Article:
Not much is known about the feeding habits of the California sea lion. Sea lions are an opportunistic feeder, eating what is available. They are carnivores (animals who eat other animals) and eat fish, squid, octopi, crabs, clams, and lobsters. Their diet includes several fish species, such as anchovy, whiting and herring. Sea lions will eat 5-8% (15-35 pounds) of their body weight daily. They have 34-38 cone-shaped teeth that are specially designed for grasping slippery fish; however, sea lions do not chew their food, but swallow it whole or in large chunks. Most of their water intake comes directly from the fish they eat although they may drink small portions of sea water while fasting throughout the breeding season. Strangely, rocks have been found in the stomachs of sea lions. The exact reason is unknown, but one theory states that sea lions may swallow rocks to create a false sensation of feeling full during the period when they fast.

Photo of the face of Rocky, a sea lion.
Rocky, a trained Navy sea lion, shows off
his features that aid him with hearing,
smell, sight and touch
(courtesy of Dan Costa, UCSC)


California sea lions hear well both above and below the water’s surface. Studies have shown that sea lions can hear frequencies as low as 100 Hz and as high as 40,000 Hz, while humans have a hearing range of 20-20,000 Hz. Sea lions vocalize within a range of 100 to 10,000 Hz. Sea lions are very vocal and can bark, click, growl, squeak, and honk. Barking by male sea lions is related to social dominance, territorial defense, and alarm calling.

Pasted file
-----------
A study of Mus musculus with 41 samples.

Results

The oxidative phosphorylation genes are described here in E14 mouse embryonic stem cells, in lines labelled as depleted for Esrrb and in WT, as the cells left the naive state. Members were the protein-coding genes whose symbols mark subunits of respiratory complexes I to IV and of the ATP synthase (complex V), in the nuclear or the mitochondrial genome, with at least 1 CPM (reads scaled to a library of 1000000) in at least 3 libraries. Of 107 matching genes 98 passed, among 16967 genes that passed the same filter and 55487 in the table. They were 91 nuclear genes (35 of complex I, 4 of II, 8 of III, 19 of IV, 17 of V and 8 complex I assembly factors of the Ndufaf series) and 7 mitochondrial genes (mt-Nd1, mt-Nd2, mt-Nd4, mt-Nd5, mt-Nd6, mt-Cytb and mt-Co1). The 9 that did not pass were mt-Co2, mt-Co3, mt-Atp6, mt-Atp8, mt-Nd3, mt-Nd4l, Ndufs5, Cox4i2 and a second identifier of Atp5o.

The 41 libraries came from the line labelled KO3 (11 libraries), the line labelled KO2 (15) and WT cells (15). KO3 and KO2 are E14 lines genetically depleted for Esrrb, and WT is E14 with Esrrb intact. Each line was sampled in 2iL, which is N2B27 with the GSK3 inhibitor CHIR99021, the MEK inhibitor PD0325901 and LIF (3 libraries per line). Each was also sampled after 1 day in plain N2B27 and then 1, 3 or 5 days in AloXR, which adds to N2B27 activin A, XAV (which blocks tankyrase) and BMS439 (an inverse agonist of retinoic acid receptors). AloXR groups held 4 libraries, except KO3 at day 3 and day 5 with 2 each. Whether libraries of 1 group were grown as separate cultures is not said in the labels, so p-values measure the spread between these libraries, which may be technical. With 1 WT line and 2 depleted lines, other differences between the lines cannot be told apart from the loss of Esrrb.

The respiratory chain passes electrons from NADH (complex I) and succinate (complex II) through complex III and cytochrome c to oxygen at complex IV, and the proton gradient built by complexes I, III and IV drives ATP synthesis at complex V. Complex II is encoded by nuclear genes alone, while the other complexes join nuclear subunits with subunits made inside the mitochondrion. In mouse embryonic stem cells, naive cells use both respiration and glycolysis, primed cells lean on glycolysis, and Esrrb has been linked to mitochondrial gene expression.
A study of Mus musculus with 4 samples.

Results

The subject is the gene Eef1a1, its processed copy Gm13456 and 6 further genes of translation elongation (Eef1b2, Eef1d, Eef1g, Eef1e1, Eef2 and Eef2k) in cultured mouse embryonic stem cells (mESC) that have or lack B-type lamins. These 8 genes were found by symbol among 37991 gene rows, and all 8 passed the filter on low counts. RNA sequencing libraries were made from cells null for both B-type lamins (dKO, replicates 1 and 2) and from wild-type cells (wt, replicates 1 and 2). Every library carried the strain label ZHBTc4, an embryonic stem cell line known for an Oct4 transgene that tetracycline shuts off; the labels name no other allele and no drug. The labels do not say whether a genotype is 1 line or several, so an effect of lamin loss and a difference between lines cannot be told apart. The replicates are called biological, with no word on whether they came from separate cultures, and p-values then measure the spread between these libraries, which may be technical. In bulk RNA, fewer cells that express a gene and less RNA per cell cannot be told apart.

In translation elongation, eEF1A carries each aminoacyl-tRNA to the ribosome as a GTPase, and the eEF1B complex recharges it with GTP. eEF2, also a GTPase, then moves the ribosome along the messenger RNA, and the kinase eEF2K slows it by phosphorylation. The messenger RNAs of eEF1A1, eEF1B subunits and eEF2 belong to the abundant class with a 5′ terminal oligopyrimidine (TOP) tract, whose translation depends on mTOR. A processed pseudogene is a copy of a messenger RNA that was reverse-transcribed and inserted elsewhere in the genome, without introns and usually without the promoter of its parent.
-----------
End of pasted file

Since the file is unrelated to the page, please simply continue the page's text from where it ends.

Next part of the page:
Sea lions cannot smell underwater, but above water their smell sense is highly developed. Females can recognize their pups by their distinctive scent and males use their sense of smell to recognize females in estrous during the breeding season. Mothers locate their pups on crowded rookeries through smell, sight, and distinctive vocalizations. Pups also learn to recognize and respond to the vocalizations of their mothers.

Sea lions have large eyes and excellent sight. Unlike humans, sea lions probably do not see in color. It is possible they can see colors in the blue-green spectrum. All pinnipeds have a membrane at the back of their eyes called a tapetum lucidum to aid in foraging while diving below the sunlit surface where there is little available light. Cats also have a tapetum lucidum and this is why the eyes of both cats and sea lions appear to glow at night. On land, their eyes are protected by a nicitating membrane, which wipes away sand and debris.

Sea lions are tactile mammals. Vibrissae, or whiskers, are stiff, thick hairs made of keratin (human fingernails are also made of keratin). These whiskers are found around the muzzle and are embedded in facial tissue rich in nerves and muscle fibers. This sensitive system functions to detect vibrations from sound or prey in the water and can be used to feel the shape and size of objects on land.